Casualties rise even before the RAE starts

February 2, 2007

Exclusion from the research assessment exercise by managers seeking to maximise scores is causing personal and professional pain to academics, reports Anthea Lipsett

A world-leading authority on fascism with several books and a television series in the pipeline is one of the huge number of academics whose work will not figure in the research assessment exercise.

The lecturer, who works at a Russell Group university, said: "They won't enter me in the RAE despite my outputs outshining most of the others in the department. It's extraordinary when it's supposed to be a performance exercise. I've taught on this subject for many years. I'm considered a world leader in my field, and senior academic colleagues have been looking at my university and wondering what the hell's going on."

The lecturer, who asked not to be named, has spent six years on rolling temporary contracts. He was told that his temporary status was the reason for his exclusion from the 2008 RAE.

University managers around the country are fine-tuning their RAE submissions. Several are completing mock exercises with a view to making final decisions about which academics' research will be entered.

In what is being billed as the most selective exercise ever, the research-led universities in particular are likely to opt for quality over volume.

Academics are waiting to learn their RAE fate. Exclusion from the exercise can damage career progression and academic reputation.

The excluded lecturer said: "The quality of my work speaks for itself, so I'm not too worried about the effect, especially as this is the last RAE.

It's the disregard for people's reputations that needs to be addressed.

It's massively damaging and gets in the way of positive performance and stymies real creativity and talent, which harms the department and university in the end."

Another academic, based in a 1994 Group university, who was not submitted in the 2001 RAE said: "Exclusion had immediate consequences. The vice-chancellor asked all heads of department for a report on the excluded individuals, and there was considerable pressure put on them to retire early. Many did.

"The university is adopting the same strategy - being highly selective - this time. This is despite the fact that we were led to believe that the 2008 RAE would be designed to discourage game-playing. I know that some people have already been told they will be excluded. Some are being given a much bigger teaching load as a consequence. Some are being retired.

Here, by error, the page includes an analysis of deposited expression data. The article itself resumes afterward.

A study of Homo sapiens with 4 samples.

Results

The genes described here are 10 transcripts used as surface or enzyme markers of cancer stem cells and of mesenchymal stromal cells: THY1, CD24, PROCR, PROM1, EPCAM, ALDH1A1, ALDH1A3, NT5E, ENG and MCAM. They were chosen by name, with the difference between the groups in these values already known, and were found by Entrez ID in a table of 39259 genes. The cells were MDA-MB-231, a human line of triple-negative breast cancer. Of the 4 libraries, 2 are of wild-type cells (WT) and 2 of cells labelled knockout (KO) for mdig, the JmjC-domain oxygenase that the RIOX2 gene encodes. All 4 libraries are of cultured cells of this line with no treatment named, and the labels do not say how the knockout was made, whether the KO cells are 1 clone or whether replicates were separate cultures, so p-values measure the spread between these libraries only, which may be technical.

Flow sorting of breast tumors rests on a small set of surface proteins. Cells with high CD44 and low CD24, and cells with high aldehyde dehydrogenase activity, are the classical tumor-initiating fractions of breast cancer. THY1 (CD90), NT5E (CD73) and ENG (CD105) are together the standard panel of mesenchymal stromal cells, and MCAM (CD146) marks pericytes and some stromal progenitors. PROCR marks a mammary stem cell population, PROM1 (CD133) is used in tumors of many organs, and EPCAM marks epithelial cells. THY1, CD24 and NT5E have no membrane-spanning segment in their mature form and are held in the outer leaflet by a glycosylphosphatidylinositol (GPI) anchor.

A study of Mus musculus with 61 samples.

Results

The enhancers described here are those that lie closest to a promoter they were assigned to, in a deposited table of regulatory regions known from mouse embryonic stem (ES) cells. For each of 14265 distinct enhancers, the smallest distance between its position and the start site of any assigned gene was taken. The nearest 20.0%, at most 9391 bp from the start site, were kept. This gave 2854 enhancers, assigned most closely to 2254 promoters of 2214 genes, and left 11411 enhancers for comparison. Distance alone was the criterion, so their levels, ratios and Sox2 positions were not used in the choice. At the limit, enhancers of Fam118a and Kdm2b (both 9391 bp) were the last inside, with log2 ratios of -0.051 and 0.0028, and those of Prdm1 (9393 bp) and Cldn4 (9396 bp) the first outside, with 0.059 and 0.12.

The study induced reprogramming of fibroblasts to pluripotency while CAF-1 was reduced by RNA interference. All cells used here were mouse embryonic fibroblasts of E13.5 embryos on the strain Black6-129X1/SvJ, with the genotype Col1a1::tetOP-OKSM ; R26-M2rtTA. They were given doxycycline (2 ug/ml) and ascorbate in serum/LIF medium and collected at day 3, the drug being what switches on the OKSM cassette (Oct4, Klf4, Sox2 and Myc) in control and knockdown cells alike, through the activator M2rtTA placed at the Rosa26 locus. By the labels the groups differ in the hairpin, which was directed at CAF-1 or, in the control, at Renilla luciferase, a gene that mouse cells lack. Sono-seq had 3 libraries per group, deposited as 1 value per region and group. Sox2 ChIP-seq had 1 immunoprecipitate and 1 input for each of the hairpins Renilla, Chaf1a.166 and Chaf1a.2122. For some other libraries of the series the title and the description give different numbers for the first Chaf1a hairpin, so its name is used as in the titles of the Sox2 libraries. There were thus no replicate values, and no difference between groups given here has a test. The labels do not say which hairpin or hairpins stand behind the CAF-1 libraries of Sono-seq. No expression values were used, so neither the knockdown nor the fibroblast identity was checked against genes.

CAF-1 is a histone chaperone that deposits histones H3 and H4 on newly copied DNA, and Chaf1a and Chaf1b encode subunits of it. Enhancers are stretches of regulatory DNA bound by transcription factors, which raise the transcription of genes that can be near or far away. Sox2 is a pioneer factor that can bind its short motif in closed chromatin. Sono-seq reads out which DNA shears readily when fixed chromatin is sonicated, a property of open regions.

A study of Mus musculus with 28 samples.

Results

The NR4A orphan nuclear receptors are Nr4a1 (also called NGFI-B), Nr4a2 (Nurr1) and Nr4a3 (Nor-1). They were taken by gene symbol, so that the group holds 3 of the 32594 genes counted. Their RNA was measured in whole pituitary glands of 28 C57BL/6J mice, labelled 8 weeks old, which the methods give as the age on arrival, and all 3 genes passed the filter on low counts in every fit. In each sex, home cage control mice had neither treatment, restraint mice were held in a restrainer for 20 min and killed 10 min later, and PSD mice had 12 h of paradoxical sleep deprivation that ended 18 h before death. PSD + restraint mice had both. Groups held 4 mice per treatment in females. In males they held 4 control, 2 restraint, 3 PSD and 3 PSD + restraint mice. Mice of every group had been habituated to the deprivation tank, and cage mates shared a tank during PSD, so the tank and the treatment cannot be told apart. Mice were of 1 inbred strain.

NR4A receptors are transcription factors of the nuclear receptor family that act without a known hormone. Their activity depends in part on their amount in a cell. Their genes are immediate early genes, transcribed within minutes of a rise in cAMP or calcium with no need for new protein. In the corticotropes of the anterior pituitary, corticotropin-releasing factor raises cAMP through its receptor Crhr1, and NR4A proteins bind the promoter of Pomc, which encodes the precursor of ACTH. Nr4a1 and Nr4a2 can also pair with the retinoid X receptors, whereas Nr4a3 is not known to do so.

However, it is still early in the process. Departments are just completing the first draft of their submissions.

"It's such a waste when people who can make such a good contribution are got rid of," he added.

Peter Coxhead is academic manager in Birmingham University's School of Computer Science and a union official. He said: "It's not only inclusion or exclusion. The university reserves the right to determine the outputs for each individual, which strikes at the heart of people's identity as an academic."

What upset academics was when research that they felt was excellent was withheld because a manager was trying to second-guess what type of work a particular panel would value, he said.

"There have been disputes at Birmingham between union members and their schools not simply about whether they would be submitted but which papers would be submitted. People have felt threatened by the process," Dr Coxhead said. "They are being told their research isn't good enough, and this has a profound impact."

All universities have written a code of practice outlining their RAE submission process. For instance, University College London expects staff to have four research outputs rated at least 2* (or internationally recognised research), while Queen's University Belfast has reviewed all academic outputs, scored them 1* to 4* and taken into account income, postgraduate numbers and measures of esteem to get a reasonably accurate idea of the volume and profile of research.

But most universities have yet to make final decisions.

Pam Lowe, a lecturer in sociology at Aston University, said: "Individual letters will be sent out in the next couple of weeks telling us whether or not we're likely to be included. But the university recognises that teaching is an important contribution, and it would have no contractual detriment. It's for strategic reasons. That's been made every clear."